New chairman says Democrats will lead again
RALEIGH (AP) — The new chairman of the North Carolina Democrats said Thursday his party will return to leading the state by building a youth-oriented grassroots movement and by contrasting itself with Republicans pushing what he calls a reactionary agenda.
Pittsboro Mayor Randy Voller arrives at the job after Democrats suffered heavily losses in state elections during the past two election cycles and got outraised and outspent by the state GOP and their candidates. Democrats had previously controlled most of the levers of state government for more than a century. Now, Republicans hold the Executive Mansion and large majorities in the General Assembly.
“We will lead again,” Voller said at a news conference at party headquarters in Raleigh. “We will lead by engaging in our sense of community, of building grassroots support from the ground up.”
The party’s state executive committee narrowly chose Voller as chairman last weekend over former U.S. Rep. Bob Etheridge, who was drafted to run by supporters of a former state senator who dropped out of the race late.
Voller, while invoking the name of past party heroes such as Terry Sanford, Frank Porter Graham and Jim Hunt, said state Democrats again need “to be the party of innovation, of investment and integrity” and said investing in young people would be the centerpiece of new party leadership.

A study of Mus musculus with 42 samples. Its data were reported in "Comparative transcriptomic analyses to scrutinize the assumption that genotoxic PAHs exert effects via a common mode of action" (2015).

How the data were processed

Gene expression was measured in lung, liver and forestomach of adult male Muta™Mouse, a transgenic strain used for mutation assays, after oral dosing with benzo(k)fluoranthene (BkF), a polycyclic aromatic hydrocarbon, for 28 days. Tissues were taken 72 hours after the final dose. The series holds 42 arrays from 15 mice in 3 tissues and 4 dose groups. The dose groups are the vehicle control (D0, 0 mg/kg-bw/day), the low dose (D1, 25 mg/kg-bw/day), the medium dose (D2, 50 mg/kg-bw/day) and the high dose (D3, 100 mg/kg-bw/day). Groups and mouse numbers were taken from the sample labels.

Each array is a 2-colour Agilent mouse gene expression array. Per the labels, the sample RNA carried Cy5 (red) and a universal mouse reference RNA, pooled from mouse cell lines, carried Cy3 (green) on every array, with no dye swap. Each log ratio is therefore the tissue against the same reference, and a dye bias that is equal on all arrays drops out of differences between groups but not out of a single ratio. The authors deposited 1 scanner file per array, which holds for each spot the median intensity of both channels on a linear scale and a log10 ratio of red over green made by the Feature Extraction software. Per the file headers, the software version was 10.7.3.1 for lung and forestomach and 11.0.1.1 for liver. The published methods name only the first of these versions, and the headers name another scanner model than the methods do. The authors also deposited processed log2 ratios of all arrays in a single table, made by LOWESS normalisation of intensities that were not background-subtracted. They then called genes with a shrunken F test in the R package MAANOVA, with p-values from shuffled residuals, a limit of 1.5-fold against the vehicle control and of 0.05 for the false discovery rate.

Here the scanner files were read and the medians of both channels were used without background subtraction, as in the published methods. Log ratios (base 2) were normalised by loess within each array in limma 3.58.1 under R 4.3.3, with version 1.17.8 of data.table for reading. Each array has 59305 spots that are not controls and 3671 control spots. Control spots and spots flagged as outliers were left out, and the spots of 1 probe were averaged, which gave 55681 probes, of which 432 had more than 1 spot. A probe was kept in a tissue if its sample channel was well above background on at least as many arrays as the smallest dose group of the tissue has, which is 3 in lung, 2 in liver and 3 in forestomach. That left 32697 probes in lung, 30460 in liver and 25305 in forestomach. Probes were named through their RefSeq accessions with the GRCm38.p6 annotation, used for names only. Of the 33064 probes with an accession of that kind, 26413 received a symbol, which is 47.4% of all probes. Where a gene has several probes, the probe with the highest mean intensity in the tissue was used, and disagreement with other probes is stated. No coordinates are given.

“We will lead by championing equality, regardless of race, gender or sexual orientation,” he said.
Voller said Democrats will be competitive in municipal elections this fall and wants young Democrats to run for office. “We cannot just lay down and let this train run over us,” he said.
He criticized Gov. Pat McCrory for recent comments about the University of North Carolina system and for senators passing a bill this week that would fire all members of several key boards and commissions while the state unemployment rate remains among the highest in the country.
“All I hear up here is cut, cut, cut and I don’t see a lot of things that are creating jobs,” Voller said. “North Carolinians need to have jobs.”
Republicans contend they are creating jobs by eliminating needless regulation, reducing taxes and accelerating the repayment of $2.6 billion owed the federal government for unemployment insurance.